The New York State Court of Appeals has denied Nassau County’s latest motion for an appeal to continue litigating over $1.3 million in Fashion Institute of Technology fees withheld from the Town of North Hempstead.
The decision comes after more than a year of legal sparring and the state Appellate Court’s May judgment in favor of the town, rejecting the county’s attempt to claim a portion of tuition for residents attending Manhattan-based FIT.
Town officials said litigation had reached the last possible step, because the Court of Appeals is the highest court in the state. The latest motion was denied in a June 29 ruling.
“It’s the end of the litigation and now we move on with getting our money back,” said Deputy Town Attorney Amanda Abata.
The County “intends to fully comply with the decision of the lower court,” said County Attorney Carnell Foskey on Wednesday.
Under state education law, Nassau is permitted to collect a portion of community college tuition fees from its three towns and two cities. In 2010, the county began charging its municipalities for the difference between out-of-county and in-county tuition rates for residents attending community college, a cost amounting to millions of dollars.
Five years later, Nassau began retroactively reclaiming funds for school years prior to 2010. The town filed suit when Nassau withheld $1.3 million in the town’s sales tax proceeds to account for the 2004-05 school year.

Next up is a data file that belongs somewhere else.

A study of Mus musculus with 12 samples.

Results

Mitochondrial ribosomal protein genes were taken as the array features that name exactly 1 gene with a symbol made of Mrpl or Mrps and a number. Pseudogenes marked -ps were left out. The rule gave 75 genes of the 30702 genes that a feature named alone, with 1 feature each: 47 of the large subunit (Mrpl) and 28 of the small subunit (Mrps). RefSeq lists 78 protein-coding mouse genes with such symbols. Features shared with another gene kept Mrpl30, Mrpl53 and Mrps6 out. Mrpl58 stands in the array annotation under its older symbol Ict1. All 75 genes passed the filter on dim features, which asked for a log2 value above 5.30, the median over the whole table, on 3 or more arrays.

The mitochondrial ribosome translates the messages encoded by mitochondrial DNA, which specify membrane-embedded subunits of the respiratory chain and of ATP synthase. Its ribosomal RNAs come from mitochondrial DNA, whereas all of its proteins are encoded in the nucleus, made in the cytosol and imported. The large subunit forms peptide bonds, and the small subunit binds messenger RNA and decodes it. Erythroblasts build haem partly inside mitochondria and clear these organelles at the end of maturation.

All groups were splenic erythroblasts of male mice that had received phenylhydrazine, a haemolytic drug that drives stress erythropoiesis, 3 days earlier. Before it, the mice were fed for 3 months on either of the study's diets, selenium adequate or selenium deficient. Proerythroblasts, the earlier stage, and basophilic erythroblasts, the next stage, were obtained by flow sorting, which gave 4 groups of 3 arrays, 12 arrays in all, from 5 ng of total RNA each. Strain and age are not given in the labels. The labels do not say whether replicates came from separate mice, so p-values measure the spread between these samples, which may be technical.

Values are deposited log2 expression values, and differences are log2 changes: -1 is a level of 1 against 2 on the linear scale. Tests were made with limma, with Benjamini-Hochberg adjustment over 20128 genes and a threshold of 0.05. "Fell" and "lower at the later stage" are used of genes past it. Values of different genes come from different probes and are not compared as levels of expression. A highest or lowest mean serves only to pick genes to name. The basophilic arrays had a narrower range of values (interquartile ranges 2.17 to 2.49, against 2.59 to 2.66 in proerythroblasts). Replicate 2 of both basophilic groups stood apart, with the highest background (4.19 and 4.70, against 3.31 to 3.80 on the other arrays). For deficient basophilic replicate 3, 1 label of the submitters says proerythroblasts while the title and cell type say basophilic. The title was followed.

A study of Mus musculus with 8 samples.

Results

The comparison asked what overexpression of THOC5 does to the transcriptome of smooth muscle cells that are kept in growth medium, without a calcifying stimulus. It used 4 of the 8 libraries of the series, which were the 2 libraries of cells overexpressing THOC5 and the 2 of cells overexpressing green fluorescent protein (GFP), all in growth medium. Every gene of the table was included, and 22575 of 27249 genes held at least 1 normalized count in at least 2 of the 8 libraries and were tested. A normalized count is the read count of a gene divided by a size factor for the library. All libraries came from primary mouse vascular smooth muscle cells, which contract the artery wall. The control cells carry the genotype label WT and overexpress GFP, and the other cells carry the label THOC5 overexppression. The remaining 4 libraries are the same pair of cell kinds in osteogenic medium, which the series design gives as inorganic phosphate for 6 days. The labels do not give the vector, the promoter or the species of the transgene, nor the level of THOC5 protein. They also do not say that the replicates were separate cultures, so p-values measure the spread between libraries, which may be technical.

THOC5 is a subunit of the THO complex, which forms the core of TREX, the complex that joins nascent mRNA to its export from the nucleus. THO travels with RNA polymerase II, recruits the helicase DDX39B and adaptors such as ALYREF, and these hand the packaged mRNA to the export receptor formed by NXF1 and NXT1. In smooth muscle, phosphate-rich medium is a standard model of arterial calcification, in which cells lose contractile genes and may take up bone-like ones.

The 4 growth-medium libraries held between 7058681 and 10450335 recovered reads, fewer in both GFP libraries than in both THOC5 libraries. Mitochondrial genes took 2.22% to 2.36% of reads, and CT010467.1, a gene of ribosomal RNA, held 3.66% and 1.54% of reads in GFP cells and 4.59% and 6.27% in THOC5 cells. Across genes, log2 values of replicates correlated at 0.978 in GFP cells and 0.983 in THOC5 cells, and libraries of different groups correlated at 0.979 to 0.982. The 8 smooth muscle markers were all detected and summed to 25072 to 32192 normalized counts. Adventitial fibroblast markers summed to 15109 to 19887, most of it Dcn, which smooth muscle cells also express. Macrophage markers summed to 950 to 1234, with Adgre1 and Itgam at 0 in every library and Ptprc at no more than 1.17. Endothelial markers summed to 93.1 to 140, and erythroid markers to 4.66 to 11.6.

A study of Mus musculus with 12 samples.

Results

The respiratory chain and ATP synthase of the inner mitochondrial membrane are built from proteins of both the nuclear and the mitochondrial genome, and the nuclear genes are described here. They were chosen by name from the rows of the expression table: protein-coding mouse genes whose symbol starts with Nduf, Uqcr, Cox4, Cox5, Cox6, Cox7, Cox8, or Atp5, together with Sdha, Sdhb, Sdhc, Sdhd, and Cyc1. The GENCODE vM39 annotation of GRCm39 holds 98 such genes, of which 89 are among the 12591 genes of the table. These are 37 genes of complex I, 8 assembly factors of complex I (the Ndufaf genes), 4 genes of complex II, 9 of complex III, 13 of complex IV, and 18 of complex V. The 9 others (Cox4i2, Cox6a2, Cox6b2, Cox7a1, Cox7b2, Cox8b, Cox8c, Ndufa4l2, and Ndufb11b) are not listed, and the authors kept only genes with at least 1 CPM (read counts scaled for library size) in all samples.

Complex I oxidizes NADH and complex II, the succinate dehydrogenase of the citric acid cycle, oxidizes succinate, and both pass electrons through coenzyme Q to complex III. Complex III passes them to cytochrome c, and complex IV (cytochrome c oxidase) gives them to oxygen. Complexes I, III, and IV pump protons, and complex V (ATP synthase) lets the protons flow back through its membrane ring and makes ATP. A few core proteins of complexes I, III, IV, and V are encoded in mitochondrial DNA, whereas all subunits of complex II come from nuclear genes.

This past fall, there were 616 Nassau students and 623 Suffolk students enrolled at FIT, SUNY spokeswoman Holly Liapis previously told Newsday.
Town officials said they are optimistic that the withheld tax money will be returned by the end of the year. Town Attorney Elizabeth Botwin said the town will “begin by asking nicely” and that she thought the county wanted to be “law-abiding.”
“Hopefully the county will see that it’s over and return our $1.3 million,” Botwin added. “If not, we move on to the legal remedies that we have available to us.”
The loss of the funds has affected the town’s financial operations, forcing the town to borrow from its highway fund to cover the cash shortage, according to court documents.
Since 2010, the town has paid more than $5.2 million in FIT fees.